Commentary: Environmental Justice Summit convened empowering visions of clean water, air, land

Posted on Sep 11, 2018 in East Village Magazine

By Michael Mascarenhas

On Sept. 8, the Michigan Environmental Justice Coalition hosted the 3rd Environmental Justice Statewide Summit at Flint’s New McCree Theatre. The event brought together close to 200 activists, environmental practitioners, citizens, and scholars  to talk about what it means for all living beings to have clean and affordable access to water, air, and land.

This was an important opportunity not only to reflect on the ongoing environmental injustices in Flint and throughout the state but also to change the dominant narrative in an effort to empower those in the room and outside to take control of our future.

The keynote lunch, on the theme of “Water is Life,” featured Jannan Cornstalk, a citizen of the Little Traverse Bay Bands of the Odawa Indians; and Desmond Berry from Sutton’s Bay, a citizen from the Grand Traverse Band of the Ottawa and Chippewa Indians.

Cornstalk is a water warrior and activist bringing attention to the sacredness of water.  She organized the Pipe Out Paddle Protest and is a recipient of the Michigan Environmentalist of the Year Award.  She has worked to heighten awareness of water issues such as the Detroit water shut-off and the Flint water crisis.

Berry has a degree in wildlife/forestry conservation and a Ph.D. in religion.  Before he moved into his current position as director of natural resources for his tribe in Peshawbestown, he was a water quality specialist, aquatic biologist, and environmental director and was named Hero of the Great Lakes by Clean Water Action.

The four tracks of the one-day event were:

  1. Water Justice: acting for clean, affordable and accessible water for all our relations
  2. Racial Justice: bringing intersectionality into the forefront, bringing our whole community here
  3. Youth Justice: make way for the youth, they lead today for a better tomorrow
  4. Energy Justice: building the way for energy democracy, leaving dirty energy behind

Summit planners, in conceptualizing the event, said, “As a new administration heads in Jan. 2019, we must define what it means for all living beings to have clean and affordable access to water, air, land and make a way to take decisions about our own future in the critical times of climate change.”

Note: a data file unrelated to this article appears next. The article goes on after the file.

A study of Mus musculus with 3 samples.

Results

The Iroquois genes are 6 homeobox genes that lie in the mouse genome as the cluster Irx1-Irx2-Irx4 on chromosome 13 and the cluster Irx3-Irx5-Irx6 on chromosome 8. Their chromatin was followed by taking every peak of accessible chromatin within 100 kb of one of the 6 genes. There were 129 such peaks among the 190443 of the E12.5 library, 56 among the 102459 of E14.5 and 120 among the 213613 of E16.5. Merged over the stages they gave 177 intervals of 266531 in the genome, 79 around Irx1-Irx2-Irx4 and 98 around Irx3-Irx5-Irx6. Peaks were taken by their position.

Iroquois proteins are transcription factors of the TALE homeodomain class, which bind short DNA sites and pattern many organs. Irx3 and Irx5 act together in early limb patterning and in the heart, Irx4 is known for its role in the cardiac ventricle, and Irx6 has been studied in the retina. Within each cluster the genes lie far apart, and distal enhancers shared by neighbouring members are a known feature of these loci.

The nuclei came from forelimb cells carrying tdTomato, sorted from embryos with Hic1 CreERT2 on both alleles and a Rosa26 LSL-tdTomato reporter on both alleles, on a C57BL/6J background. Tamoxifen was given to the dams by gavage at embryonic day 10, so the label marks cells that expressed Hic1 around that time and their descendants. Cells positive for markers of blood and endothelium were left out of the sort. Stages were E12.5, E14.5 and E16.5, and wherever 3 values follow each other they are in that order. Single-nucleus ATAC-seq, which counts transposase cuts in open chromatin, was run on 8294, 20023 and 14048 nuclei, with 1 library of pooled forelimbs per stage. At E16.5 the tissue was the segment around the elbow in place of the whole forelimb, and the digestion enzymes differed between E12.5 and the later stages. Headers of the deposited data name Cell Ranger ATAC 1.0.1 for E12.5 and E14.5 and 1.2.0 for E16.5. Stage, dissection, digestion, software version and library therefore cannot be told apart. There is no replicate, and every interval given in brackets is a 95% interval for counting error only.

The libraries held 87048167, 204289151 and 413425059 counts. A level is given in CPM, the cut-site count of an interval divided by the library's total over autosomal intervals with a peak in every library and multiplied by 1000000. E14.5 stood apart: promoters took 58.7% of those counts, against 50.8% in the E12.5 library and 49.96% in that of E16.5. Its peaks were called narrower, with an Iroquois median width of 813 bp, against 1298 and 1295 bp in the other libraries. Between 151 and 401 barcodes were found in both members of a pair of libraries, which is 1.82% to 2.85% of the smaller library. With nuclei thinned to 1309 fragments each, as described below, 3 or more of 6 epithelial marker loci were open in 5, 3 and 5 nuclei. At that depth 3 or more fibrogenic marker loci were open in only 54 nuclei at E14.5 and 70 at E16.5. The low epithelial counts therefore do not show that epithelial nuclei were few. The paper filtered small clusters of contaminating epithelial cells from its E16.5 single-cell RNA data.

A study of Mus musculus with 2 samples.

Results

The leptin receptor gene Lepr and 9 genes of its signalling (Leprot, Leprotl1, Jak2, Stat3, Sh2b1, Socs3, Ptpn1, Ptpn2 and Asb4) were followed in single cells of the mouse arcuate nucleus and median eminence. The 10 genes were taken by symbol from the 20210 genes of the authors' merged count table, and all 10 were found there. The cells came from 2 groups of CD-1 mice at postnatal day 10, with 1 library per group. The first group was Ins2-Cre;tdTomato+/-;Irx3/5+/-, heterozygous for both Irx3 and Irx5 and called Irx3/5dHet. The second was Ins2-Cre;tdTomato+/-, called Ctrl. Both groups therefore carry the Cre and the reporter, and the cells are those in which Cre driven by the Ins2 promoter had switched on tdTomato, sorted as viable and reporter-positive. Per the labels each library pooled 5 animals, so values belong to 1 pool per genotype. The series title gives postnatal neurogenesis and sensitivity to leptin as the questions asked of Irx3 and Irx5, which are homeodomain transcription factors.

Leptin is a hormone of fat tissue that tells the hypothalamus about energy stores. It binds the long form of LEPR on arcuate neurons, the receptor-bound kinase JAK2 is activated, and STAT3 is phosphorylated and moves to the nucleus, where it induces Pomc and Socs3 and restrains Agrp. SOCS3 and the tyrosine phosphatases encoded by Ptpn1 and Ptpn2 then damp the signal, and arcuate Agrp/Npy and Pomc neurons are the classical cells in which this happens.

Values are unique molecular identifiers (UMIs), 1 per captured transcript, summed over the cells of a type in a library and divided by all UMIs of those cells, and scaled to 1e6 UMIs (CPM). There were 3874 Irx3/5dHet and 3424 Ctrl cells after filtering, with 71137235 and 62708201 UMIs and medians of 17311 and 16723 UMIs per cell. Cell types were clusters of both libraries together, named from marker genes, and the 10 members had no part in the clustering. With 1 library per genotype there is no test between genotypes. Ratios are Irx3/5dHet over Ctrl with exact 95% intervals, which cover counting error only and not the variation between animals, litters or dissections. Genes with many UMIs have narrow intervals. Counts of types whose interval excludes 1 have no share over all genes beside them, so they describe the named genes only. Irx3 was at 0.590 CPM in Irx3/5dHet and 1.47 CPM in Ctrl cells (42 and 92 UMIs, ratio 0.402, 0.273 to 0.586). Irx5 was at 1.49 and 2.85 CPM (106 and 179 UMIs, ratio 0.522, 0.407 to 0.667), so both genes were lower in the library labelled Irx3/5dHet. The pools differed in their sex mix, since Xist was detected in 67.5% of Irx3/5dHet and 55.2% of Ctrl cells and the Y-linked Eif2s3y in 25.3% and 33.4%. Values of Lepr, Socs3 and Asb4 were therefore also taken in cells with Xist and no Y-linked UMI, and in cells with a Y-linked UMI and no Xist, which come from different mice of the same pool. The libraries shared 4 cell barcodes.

The preparation by summit organizers was simply formidable, providing food and water, as well as speakers and content that was truly engaging. Thank you, Michelle Martinez for organizing such an important and powerful event.

“It was better than most,” a Flint resident reflected. “We’ve had a bunch of those things in the city.  A bunch of meetings, a bunch of rallies. Lots of this, lots of that. A lot of running around. It is hard to actually ascertain what is important until after it is over. And a lot of us are exhausted because you go running around from one thing to the next because you just never know when the decisions are going to be made, where the accurate information is, where you are going to find the thing that you need.

“The summit provided a platform to help cultivate strategies that might be useful for participants working with neighborhood groups, coalitions or on environmental justice campaigns,”  she said.

One striking observation about this summit was the people in the room. There was clearly a diversity of expertise—citizen, organizer, professional, and academic. But also, the diversity of experiences was significant,  as young activists talked with elders, and professionals collaborated with citizens.

It felt to me as if we all had something important to contribute, and that together we had the power to change our communities and the larger environments in which we live, not just for humans but all living creatures. I, for one, was taken aback by the mix of idealism, expertise, and capacity in the room.

Michael Mascarenhas is associate professor in the Department of Environmental Science, Policy and Management at the University of California, Berkeley.   He has a degree in forestry from the University of British Columbia and a Ph.D. from Michigan State University.  His most recent book is New Humanitarianism and the Crisis of Charity:  Good Intentions on the Road to Help (Indiana University, 2015). He is working on a book centered in the Flint Water Crisis, tentatively titled “That Ain’t Right”:  Power, Profit, Poison and Protest in Pure Michigan.